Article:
TUNIS, Aug 07, 2013 (AFP)
Tunisian newspapers said Wednesday the country’s Islamist rulers and their detractors must open a dialogue on ending the political crisis gripping the North African state before it’s too late for negotiations.
Tens of thousands of people poured onto the streets of Tunis overnight to demand the government’s resignation, as the crisis deepened with the suspension of Tunisia’s elected National Constituent Assembly (ANC).
“We must go from a showdown on the squares and in the streets to a confrontation through arguments,” said La Presse.
Le Quotidien, a daily that is highly critical of the Islamists, said “everyone is unanimous as to the seriousness of the situation” and urged the moderate Islamic movement Ennahda which heads a ruling coalition to make real concessions.
“The hour of compromise has come and these concessions, which have been coming at a snail’s pace, must be expanded to save the country while there is still time,” the paper said.
Tunisia has been wracked by political unrest since the July 25 murder of opposition MP Mohamed Brahmi and Tuesday’s protests marked the biggest anti-government rally since the assassination.
A police official estimated that 40,000 people crowded the streets of Tunis, while opposition leaders put the turnout as high as 100,000-200,000.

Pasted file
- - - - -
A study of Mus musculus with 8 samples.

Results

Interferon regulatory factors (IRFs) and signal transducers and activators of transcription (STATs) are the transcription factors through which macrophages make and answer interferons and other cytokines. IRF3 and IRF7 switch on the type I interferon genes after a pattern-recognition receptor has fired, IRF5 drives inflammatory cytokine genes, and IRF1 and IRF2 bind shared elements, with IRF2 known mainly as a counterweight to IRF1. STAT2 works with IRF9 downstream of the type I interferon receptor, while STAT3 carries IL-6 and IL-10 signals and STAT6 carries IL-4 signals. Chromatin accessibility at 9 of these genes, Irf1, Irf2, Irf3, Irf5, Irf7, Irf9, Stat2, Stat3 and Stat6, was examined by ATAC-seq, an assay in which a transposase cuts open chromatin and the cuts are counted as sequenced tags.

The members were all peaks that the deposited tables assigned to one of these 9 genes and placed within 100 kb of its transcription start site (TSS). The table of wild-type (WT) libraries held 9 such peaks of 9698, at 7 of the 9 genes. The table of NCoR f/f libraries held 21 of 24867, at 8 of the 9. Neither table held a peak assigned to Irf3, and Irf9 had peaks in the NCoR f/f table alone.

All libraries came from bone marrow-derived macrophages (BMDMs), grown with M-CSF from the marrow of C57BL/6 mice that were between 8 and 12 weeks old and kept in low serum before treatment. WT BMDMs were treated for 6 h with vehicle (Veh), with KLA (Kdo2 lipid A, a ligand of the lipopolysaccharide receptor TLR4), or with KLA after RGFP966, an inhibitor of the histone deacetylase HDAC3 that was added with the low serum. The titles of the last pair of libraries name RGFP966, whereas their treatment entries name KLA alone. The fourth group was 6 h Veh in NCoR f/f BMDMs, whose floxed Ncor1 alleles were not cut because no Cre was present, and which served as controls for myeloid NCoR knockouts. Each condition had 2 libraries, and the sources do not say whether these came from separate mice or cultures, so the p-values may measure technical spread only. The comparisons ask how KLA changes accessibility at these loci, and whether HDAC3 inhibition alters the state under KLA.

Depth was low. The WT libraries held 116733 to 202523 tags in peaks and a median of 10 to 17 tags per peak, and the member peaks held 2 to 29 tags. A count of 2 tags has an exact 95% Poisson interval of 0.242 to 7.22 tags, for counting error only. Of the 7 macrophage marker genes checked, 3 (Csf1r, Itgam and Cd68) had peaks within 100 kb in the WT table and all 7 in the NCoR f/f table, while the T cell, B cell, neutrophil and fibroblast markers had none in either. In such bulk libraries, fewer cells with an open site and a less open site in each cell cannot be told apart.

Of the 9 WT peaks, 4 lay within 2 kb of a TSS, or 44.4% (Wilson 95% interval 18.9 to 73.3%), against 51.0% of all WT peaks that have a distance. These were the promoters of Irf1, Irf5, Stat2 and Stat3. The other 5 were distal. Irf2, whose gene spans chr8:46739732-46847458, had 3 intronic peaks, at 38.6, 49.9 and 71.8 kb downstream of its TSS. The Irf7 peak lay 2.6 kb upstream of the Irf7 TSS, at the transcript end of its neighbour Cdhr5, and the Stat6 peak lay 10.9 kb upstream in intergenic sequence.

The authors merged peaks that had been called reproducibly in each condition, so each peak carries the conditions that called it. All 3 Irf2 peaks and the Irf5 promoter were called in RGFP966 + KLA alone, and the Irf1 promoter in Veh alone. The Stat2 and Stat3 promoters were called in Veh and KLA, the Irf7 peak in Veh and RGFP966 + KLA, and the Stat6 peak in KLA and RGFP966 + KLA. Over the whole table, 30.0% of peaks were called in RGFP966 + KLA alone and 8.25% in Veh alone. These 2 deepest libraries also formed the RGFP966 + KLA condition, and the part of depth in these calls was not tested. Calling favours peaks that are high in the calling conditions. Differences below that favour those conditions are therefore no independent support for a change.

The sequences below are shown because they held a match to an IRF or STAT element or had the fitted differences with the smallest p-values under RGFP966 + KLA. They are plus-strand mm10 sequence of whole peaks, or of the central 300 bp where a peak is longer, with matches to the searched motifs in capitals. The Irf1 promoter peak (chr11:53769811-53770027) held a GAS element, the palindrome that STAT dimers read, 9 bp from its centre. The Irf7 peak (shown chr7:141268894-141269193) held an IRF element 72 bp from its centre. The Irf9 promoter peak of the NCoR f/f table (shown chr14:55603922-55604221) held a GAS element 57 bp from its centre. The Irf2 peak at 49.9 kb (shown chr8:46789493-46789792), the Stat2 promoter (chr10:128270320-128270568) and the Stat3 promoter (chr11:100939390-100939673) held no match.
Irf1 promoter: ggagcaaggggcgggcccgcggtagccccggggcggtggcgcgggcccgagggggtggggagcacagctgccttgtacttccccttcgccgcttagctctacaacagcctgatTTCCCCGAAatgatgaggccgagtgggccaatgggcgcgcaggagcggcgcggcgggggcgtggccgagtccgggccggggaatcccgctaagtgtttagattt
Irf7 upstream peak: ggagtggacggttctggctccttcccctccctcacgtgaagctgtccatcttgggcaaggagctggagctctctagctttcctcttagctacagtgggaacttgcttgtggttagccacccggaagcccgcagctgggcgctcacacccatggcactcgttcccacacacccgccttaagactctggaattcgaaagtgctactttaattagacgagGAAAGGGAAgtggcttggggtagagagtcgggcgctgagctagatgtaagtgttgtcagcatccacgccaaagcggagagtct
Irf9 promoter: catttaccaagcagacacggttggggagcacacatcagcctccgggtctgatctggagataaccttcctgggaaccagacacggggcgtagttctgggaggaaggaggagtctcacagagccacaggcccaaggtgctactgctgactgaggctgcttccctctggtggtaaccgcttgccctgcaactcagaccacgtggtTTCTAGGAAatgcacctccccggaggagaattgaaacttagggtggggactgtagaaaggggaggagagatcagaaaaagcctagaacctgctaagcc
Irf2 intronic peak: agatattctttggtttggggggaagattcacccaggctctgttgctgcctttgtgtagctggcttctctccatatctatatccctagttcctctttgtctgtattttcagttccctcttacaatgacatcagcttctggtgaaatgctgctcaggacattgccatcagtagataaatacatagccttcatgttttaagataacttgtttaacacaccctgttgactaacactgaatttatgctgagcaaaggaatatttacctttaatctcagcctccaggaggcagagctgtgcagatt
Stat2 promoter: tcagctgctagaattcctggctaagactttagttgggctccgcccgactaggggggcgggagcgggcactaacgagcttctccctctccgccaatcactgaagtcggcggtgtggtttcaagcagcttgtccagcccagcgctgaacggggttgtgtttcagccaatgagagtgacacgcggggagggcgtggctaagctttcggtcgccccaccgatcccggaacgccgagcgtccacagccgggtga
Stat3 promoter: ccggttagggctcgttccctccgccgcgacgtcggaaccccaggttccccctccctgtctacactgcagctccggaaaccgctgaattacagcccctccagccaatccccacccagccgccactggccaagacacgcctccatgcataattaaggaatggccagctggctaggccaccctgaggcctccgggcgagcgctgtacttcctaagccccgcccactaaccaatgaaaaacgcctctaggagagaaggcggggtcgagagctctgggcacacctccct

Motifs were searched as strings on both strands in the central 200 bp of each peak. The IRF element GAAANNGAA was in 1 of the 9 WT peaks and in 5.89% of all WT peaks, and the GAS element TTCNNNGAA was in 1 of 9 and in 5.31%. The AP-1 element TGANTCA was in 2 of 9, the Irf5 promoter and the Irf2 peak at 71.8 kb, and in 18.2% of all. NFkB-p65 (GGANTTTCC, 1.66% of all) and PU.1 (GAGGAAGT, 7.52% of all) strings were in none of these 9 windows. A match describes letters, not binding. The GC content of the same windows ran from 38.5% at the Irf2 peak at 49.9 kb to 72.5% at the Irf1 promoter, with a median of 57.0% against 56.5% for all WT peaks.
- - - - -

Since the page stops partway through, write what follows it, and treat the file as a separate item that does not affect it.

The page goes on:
Earlier on Tuesday, the ANC — a body elected in 2011 to forge consensus on drafting a new constitution — was suspended.
Brahmi’s murder, as well as that of another opposition politician, Chokri Belaid, have been blamed on radical Islamists, with the Ennahda-led cabinet criticised for not doing enough to prevent them.
Protesters carried pictures of both Belaid and Brahmi and shouted slogans such as “The people want the regime to fall” and “The government will end today”. The march passed off peacefully.
Assembly speaker Mustapha Ben Jaafar said the ANC’s work would be halted until the government and opposition opened negotiations to break the deadlock “in the service of Tunisia”.
The stalemate showed no sign of ending, however, with the opposition refusing to hold talks with the government until it steps down and Ennahda ruling out any dialogue conditional on its ouster.
Prime Minister Ali Larayedh has refused to quit, offering instead to broaden the coalition.
Since the ANC was elected in October 2011, political leaders have failed to hammer out a consensus on a new constitution following a revolution that ousted longtime president Zine el Abidine Ben Ali.
And the suspension of the assembly’s work throws into question Larayedh’s target of the ANC adopting a new constitution and electoral law by October 23 ahead of a December 17 election.